Is the UK exceptionally hostile to landlords?

Recent changes to the way landlords are taxed prompted the Residential Landlords Association to describe the taxation of landlords in the UK as “one of the most hostile tax regimes in the western world”. But how well does that claim stand up to scrutiny?

Australia’s housing market suffers from many of the same problems as the UK market. Prices in major cities have risen to the extent that it’s virtually impossible for a first-time buyer on the average salary to buy a house. Yet investors there are treated very generously by the tax system. Australian landlords can deduct mortgage interest and other costs from their rental income, but they also have the option to “negatively gear” their property investment. This means they can make a loss and offset this against their other income, including that from employment.

When they sell, Australian investors receive a 50% reduction on the capital gains tax (CGT) payable, as long as they have owned the property for at least 12 months. The policy is in contrast to the UK, where people selling second homes pay a higher rate of CGT than investors disposing of other assets. Similar concessions also apply in New Zealand, where negative gearing is allowed and there’s no CGT at all for investment property unless it was purchased solely for resale.

Unsurprisingly, these concessions are often controversial, just as in the UK. “Governments are spending billions of dollars in tax subsidies for people who are already comfortably housed or investing, pushing up housing prices and debt to unprecedented levels,” says Cassandra Goldie, chief executive of the Australian Council of Social Services, an advocacy group.

Tax breaks for property investors in the United States aren’t quite so generous, but landlords can offset rental losses under certain circumstances. Rental income is considered “passive income”, and losses on rental properties can be offset against other forms of passive income, such as interest on cash, gains on stocks, or other capital gains. “With passive activity, you have to [declare] income and you are taxed on that income, but for losses you can only deduct losses to the extent you have passive income.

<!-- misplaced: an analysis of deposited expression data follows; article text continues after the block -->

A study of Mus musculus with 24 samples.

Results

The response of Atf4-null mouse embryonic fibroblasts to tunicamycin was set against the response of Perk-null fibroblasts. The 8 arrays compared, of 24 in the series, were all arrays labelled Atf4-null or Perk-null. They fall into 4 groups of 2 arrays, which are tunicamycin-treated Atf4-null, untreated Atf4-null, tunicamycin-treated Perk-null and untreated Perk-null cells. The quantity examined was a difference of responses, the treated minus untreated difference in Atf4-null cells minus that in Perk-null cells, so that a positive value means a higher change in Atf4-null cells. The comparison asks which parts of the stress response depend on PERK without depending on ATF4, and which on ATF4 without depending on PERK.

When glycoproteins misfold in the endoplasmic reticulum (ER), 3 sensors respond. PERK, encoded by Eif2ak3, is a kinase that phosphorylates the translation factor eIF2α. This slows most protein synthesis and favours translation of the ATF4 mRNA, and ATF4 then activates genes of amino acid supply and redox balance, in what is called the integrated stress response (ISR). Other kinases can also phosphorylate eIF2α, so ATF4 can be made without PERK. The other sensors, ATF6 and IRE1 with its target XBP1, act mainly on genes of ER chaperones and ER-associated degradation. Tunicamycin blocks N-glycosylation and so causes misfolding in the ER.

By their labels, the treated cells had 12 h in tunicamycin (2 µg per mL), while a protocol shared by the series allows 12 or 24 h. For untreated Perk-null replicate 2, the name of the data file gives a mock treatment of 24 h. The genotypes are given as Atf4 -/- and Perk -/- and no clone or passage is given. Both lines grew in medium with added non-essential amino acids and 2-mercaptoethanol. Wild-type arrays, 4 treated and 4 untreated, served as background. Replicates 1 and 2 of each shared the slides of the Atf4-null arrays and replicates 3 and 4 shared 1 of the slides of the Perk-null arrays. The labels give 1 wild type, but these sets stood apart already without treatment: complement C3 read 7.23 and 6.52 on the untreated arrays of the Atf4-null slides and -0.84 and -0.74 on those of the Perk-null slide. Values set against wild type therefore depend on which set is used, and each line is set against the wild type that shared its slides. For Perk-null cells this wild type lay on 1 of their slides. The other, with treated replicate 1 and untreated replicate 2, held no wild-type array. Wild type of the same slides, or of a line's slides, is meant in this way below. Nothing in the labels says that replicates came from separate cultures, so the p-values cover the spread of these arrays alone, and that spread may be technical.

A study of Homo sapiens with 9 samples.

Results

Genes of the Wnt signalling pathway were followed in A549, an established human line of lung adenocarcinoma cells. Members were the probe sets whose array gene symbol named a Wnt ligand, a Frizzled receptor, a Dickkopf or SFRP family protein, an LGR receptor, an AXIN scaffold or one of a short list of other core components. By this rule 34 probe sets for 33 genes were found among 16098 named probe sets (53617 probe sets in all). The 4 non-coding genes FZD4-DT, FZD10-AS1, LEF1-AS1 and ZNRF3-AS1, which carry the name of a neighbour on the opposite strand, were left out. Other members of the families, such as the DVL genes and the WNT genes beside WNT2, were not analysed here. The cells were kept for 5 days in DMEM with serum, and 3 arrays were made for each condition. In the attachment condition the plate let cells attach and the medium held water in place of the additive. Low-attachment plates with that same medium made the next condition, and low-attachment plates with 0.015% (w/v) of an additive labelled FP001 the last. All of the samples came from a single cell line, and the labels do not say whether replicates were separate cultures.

The non-deductible passive losses accumulate, however, and when you sell or otherwise dispose of the property, the accumulated losses can be taken at that time,” says Jim Adkinson of Florida-based accountants Adkinson CPA. Meanwhile, in Canada landlords can deduct interest expenses, mortgage fees and the cost of maintaining and managing rental properties from their rental income, but a net loss on a rental property cannot be deducted from overall income. They also benefit from a 50% CGT reduction when an investment property is sold.

Finally, in Germany, where most people are renters, landlords are also treated favourably, according to David Hannah of Cornerstone, a specialist tax adviser. “Germany allows landlords to deduct 100% of their mortgage interest from their property income, claim rental losses against their other income and deduct depreciation costs,” he says. “You are also not required to pay CGT at all on disposal of any property owned for more than ten years.”

So overall, landlords in the UK may have some reason to feel hard done by. But given the political climate, that’s unlikely to change soon. In MoneyWeek’s view, there’s probably more chance of further taxes and curbs directed at buy-to-let, rather than concessions. Landlords might be wise to plan accordingly, rather than looking enviously at their peers in the rest of the world.